Depression can suck the joy right out of our lives. We focus on negatives rather than gratitude, become fearful rather than generous, and forget about who and what we love. We isolate from others, withdraw into ourselves and before we know it sad, worthless feelings permeate our being. Our culture is big on taking antidepressants for depression, and medication helps a lot of people. However, medication isn’t the only medicine for depression. Many people find lifestyle changes helpful, too. What do I mean by lifestyle changes? The foods you eat, people you surround yourself with, physical exercises you practice, ways you think, and spiritual or religious practices you weave into your life all contribute to your well-being in ways that can diminish and even eradicate depression.
Experts really don’t know the causes of depression in every case. Often there is some combination of biological and environmental factors that underlie the incredible suffering of this condition. Sometimes depression arises in response to a particular situation. You may not be able to control whether or not you become depressed, but you can make some choices about what to do when depression knocks you down. Thinking about what you might do ahead of time is a good idea, since when you get depressed, motivation falters and thinking becomes cloudy. Here’s a thought you may not have considered:
Can sunlight lessen the effects of depression? I got to thinking about this last week while reading a letter to the Health&Science section of the Washington Post (July 2, 2013). A reader wrote about the positive effects of Vitamin D supplements on depressed, homebound elderly patients. The Sun is a natural source of Vitamin D and our number one natural resource. Is it possible we can use sunlight to reduce depressive symptoms?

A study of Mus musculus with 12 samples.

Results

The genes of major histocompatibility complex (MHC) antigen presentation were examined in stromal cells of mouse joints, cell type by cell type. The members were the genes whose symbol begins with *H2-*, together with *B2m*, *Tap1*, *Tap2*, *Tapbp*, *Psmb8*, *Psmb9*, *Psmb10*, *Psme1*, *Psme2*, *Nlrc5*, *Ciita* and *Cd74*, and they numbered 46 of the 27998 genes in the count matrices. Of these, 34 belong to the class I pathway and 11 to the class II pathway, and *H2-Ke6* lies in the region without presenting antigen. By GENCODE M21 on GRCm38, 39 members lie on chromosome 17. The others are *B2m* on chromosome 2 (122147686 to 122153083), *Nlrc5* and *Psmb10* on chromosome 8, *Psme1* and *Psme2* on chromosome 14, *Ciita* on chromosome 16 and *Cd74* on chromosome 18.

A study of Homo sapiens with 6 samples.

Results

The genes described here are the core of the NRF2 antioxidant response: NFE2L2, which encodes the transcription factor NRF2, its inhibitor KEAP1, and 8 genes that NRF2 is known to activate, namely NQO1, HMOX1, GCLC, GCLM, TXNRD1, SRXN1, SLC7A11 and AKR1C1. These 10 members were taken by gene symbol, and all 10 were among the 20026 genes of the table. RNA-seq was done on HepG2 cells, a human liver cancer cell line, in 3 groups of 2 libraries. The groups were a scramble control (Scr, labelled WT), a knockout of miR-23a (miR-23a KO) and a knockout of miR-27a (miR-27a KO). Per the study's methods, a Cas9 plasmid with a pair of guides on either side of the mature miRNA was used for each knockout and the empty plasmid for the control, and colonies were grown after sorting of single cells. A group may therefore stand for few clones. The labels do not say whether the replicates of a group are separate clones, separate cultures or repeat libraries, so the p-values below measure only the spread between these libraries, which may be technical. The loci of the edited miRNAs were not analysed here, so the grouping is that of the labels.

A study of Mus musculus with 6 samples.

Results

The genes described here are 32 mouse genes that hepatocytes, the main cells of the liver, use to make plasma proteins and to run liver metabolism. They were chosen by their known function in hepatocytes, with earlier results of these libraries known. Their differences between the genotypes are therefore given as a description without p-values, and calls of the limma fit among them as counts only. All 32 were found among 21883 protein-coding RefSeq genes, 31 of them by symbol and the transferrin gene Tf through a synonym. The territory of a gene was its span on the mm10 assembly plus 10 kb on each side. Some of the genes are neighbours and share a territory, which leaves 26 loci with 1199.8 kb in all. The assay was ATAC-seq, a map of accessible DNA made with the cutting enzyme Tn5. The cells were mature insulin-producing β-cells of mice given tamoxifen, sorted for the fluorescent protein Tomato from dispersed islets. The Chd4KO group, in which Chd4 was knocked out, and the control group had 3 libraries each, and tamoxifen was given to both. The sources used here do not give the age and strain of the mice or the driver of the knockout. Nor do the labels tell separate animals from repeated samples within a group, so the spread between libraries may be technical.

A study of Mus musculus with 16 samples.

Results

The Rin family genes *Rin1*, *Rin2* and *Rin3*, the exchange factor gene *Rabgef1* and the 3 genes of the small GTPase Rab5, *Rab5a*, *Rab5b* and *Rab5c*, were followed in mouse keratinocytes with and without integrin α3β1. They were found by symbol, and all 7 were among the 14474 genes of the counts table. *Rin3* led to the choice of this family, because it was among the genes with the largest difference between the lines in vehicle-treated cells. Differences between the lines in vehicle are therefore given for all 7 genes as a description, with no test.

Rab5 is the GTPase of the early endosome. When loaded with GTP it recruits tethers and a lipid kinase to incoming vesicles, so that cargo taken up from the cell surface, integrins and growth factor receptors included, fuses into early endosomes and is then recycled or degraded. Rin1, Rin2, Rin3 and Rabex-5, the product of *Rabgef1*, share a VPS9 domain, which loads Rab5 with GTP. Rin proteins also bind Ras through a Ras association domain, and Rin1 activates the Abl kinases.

It seems that way. Serotonin and melatonin regulation affect both depression and cognitive function (a broad term for many different abilities related to intelligence, brain injury, neurological function and mental illness). A study out of the University of Alabama Birmingham, http://www.ncbi.nlm.nih.gov/pubmed/19638195, indicates the possibility that sunlight improves cognitive function.
What does this mean for you? Use these sunny summer days to take in sunlight in moderation. A thirty minute stroll gives you two depression busters: exercise and sunlight. Take water, pace yourself in the heat, and tell depression to take a hike!